Archive for February 13, 2012

Episode 4: “The Enemy Within”

This week, the TrekQuesters barely make it through discussing their least favorite episode to date. Between Sulu’s frigid jokes, the horned “alien” dog, and Shatner’s horrifically over-the-top acting, we were laughing so hard we were literally crying. Add in Dad’s random harmonica playing, and you’ve got a truly unique entertainment experience on your hands.

Probably the least politically-correct episode of the Original Star Trek series (and that’s admittedly saying a lot), “The Enemy Within” attempts to explore some pretty heavy philosophical themes including the inner struggle of good versus evil and the fundamental nature of leadership. In the end, however, it comes up very short — kinda like Shatner embracing his “identical” stunt double at the end of the show.

It’s amazing the episode that’s made us the most uncomfortable turned out the be our longest podcast to date (about 40 minutes). There’s just so much geeky goodness in this episode, from the first Vulcan Nerve Pinch to Dr. McCoy’s inaugural utterance of “He’s dead, Jim,” that it almost makes up for the hideously awkward bits between Kirk, Spock, and Yoeman Rand. Still, this isn’t an episode we plan to re-watch any time soon.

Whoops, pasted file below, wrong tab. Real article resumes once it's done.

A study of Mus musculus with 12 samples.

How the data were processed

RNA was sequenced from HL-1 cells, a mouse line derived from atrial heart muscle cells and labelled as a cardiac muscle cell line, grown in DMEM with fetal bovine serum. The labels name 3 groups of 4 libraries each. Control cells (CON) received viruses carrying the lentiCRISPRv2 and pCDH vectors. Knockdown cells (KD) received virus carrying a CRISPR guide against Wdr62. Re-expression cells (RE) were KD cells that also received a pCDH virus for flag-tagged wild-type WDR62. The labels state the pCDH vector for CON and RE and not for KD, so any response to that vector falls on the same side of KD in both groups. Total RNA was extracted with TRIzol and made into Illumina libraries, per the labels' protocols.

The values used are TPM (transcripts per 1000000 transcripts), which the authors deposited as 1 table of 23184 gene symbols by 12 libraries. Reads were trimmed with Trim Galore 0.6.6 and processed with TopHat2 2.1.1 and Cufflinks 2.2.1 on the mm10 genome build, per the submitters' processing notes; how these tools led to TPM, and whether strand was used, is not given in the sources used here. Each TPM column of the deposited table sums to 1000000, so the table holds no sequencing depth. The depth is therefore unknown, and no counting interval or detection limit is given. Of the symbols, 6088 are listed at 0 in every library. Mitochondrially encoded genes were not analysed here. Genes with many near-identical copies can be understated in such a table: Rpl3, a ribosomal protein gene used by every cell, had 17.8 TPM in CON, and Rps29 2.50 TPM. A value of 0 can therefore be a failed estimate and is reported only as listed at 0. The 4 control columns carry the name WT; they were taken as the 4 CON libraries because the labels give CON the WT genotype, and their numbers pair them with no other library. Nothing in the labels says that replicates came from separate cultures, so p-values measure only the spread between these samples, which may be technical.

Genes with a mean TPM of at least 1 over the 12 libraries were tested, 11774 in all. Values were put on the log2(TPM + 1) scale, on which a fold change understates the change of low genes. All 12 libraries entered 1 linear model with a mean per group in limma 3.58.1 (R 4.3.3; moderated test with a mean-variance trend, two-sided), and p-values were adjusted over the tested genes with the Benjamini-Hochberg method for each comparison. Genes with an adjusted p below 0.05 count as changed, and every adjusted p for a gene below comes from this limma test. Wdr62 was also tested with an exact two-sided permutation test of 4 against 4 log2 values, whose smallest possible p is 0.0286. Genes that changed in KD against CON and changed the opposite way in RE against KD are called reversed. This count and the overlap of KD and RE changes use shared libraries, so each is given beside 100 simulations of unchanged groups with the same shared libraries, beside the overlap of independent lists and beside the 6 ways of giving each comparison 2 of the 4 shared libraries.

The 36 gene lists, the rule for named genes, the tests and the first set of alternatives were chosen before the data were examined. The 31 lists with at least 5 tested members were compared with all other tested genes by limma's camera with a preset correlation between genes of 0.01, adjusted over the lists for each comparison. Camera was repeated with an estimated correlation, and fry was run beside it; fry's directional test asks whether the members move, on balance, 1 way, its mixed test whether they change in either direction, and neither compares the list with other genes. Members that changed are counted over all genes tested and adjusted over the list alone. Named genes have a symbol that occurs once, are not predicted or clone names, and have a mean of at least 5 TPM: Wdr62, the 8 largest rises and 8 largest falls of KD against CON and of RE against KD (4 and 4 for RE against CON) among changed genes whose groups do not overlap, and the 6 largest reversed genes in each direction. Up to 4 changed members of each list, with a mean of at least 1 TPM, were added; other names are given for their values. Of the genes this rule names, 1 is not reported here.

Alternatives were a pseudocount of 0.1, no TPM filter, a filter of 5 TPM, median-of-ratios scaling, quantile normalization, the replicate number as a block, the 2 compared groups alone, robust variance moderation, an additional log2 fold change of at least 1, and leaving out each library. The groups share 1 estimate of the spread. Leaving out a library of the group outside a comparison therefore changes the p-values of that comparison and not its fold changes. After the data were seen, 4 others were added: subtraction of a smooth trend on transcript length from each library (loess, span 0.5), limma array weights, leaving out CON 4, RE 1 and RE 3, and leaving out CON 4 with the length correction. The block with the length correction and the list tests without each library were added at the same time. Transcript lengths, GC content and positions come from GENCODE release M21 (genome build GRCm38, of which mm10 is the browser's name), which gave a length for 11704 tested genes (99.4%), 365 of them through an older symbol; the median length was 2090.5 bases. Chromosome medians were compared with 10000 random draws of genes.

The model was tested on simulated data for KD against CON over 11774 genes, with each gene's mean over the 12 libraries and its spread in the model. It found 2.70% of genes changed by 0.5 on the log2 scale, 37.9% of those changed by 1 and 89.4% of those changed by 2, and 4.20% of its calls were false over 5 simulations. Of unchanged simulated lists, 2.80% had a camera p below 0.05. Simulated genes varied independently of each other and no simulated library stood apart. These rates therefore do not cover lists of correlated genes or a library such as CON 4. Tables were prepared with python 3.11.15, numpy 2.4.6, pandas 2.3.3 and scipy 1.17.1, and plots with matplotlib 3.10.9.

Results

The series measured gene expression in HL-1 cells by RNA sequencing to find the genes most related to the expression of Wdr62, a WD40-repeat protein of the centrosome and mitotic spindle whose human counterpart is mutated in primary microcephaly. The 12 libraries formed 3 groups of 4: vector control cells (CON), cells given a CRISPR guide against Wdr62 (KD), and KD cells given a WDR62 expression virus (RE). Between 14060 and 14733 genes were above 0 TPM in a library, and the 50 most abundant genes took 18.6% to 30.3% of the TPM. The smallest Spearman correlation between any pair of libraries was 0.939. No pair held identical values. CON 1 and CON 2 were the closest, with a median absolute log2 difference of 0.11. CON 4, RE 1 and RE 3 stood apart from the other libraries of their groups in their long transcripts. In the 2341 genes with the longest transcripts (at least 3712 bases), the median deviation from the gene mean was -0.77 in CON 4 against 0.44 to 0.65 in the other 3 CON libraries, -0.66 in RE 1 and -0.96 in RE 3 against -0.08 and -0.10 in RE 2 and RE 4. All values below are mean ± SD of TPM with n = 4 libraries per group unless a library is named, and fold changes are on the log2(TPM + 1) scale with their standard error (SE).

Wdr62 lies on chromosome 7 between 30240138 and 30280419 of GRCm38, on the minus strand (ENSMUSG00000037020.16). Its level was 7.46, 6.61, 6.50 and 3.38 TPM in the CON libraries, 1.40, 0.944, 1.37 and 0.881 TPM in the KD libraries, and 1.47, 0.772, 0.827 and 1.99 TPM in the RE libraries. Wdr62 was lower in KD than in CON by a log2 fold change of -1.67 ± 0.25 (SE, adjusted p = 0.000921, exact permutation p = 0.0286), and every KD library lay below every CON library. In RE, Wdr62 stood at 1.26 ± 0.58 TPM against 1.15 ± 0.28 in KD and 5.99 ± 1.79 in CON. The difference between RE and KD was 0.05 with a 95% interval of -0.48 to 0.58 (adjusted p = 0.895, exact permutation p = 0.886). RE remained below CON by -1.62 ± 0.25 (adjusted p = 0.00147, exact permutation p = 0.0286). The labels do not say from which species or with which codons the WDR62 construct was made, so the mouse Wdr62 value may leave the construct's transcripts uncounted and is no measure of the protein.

Can half a man survive? Can a parachute keep you from freezing to death? Does Kirk secretly wear makeup? Let us know your thoughts in the comments or send us an email at

Listen to this episode now:


Or you can download the MP3 file here.

Episode 3: “Mudd’s Women”

In our third podcast, we celebrate Dad’s birthday with a Groundhog’s Day review of one of his all-time favorite Star Trek episodes, Mudd’s Women. In fact, Dad couldn’t help breaking out into song to express his appreciation for science fiction’s favorite mail-order brides.

Hurtling asteroids, blown lithium crystals, an asbestos storm, and a stuttering, sweating Mr. Farrel provide the backdrop as Harcourt Fenton Mudd gives one of the series’ most memorable performances. Supported by three lovely brides-to-be (including the Playmate of the Month for August, 1966), Harry Mudd takes Kirk to his breaking point while Kirk’s crew devolves into a band of oggling adolescents. So much for the hippocratic oath, eh, Dr. McCoy?

Although suspension of disbelief is a bit of an understatement when dealing with the Venus Drug’s mysterious makeovers (particularly the gelatin placebo version), Mudd’s Women is still a great romp through the humorous side of Trek, and we had fun discussing the details.

Do gentlemen prefer blondes? Will Spock ever stop smirking? Do you wear radioactive perfume? Tell us about it in the comments or send us an email at

Listen to this episode now:


Or you can download the MP3 file here.